6 Things That Happen To Your Hormones When You Don’t Get Enough Sleep

by Carina Wolff

When you don't get enough sleep, feeling tired isn't the only consequence. Lack of sleep can affect the way your whole body functions, and there are even a number of ways sleep deprivation can impact your hormones. You might not realize it, but not getting enough sleep can affect everything from your stress hormones, to how hungry you feel, and even your insulin levels. This means sleep is extra important for more than just your energy levels, and it can make a difference in balancing out your hormones.

"Sleep deprivation causes imbalances in many hormones, and in turn, the imbalance of these hormones causes more sleep deprivation," functional medicine practitioner Veronica Anderson, MD, IFMCP, tells Bustle. "The result is a vicious cycle. Sleep deprivation in and of itself has an effect on the master hormone system, termed the hypothalamic-pituitary axis, as well as the nervous system."

Everyone has their own individualized circadian rhythm or natural sleep/wake cycles, which help to regulate numerous important biological activities such as waking up, sleeping, the release of certain hormones (including melatonin and cortisol), blood pressure, body temperature, blood sugar levels, digestive secretions, and so on, according to family physician and hormone health expert Don Colbert, M.D. Getting proper sleep can help ensure that everything functions properly, especially your hormones.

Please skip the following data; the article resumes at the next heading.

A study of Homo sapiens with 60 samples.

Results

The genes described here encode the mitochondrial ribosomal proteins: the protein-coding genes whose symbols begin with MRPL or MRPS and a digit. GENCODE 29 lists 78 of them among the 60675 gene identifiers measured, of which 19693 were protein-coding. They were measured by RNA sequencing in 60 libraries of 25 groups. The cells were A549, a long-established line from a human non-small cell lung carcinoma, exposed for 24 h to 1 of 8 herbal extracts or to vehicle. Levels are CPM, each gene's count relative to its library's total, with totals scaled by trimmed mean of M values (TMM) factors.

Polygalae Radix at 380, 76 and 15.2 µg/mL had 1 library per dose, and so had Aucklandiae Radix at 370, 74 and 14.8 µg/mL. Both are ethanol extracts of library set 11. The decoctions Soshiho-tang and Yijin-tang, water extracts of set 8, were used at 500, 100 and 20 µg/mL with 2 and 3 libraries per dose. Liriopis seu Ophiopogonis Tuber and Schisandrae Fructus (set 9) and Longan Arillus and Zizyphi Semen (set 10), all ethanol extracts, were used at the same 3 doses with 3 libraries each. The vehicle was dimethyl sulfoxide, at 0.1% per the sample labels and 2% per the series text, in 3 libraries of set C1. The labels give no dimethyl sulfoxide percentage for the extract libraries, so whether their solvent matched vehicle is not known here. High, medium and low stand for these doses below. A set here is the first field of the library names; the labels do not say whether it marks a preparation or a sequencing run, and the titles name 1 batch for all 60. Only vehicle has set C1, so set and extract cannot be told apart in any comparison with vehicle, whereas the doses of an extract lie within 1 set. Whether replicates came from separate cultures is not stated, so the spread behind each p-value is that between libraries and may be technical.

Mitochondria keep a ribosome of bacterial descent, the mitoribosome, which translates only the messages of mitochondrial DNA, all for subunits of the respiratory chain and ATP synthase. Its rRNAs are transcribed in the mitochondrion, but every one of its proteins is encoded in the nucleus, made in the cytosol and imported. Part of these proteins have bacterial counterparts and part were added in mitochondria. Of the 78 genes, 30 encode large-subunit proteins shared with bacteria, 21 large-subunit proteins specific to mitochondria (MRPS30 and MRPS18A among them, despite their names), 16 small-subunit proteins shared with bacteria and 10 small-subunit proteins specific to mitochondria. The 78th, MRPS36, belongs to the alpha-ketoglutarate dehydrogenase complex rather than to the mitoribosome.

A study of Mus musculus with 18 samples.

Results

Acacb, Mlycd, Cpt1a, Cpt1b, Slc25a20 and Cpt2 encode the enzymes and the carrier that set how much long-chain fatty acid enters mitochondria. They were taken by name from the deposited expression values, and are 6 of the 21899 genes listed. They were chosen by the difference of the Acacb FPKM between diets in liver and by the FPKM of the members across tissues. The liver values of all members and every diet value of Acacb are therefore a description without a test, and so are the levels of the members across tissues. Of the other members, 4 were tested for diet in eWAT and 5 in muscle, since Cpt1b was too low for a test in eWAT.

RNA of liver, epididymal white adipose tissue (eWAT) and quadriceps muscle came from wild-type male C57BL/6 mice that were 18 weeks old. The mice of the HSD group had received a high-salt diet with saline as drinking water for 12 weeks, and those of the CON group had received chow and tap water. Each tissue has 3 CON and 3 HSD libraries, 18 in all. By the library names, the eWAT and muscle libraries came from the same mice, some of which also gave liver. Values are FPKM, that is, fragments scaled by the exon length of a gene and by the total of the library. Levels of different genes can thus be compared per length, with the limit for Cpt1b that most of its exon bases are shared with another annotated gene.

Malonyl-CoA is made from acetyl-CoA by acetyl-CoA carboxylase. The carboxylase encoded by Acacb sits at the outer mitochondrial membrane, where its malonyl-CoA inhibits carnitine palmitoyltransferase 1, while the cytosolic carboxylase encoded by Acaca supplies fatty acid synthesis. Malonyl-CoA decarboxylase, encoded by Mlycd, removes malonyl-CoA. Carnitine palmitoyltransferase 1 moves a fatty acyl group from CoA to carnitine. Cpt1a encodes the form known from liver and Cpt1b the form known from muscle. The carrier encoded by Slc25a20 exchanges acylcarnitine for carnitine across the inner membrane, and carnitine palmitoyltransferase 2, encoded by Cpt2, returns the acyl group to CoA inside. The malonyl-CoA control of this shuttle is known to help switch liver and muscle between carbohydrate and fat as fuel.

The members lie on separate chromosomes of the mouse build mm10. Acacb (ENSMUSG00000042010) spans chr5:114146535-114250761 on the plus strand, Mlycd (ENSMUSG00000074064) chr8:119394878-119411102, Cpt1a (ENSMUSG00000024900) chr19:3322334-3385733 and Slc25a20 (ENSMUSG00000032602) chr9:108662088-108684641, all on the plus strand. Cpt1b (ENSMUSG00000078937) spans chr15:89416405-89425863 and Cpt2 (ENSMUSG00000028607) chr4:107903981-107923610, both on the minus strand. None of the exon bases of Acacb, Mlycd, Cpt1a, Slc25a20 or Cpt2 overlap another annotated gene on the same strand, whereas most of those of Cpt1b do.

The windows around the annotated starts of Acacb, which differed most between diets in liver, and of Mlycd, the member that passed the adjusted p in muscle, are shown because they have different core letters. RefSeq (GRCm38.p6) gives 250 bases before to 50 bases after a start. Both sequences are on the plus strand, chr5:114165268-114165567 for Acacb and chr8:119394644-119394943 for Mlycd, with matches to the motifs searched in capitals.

Here are six ways sleep deprivation can affect your hormones, according to experts.


It Affects Insulin



It Increases Your Thyroid Hormone


How much sleep you get can also impact your thyroid functioning. "Acute sleep deprivation also increases the TSH (thyroid stimulating hormone)," Dr. Anderson says. "High levels of TSH translates to a slower body metabolism and an under-active thyroid." This can lead to symptoms such as fatigue, feeling cold, and hair loss.


It Can Affect Leptin, Related To Hunger


Sleep deprivation lowers leptin levels, which can affect your appetite. "The role of leptin is suppressing the appetite and signaling to the body when it's time to stop eating," Dr. Anderson says. "Sleep deprivation will decrease the satiety hormone leptin, making sleep deprived individuals feel more hungry."


It Alters Ghrelin, Also Related To Hunger



It Raises Cortisol



It Lowers Your Sex Hormones


Getting enough sleep each night is important, not just for how well-rested you feel, but so your body's hormones remain in balance for everything to function properly. If you have difficulties sleeping at night, it may be time to talk to your doctor.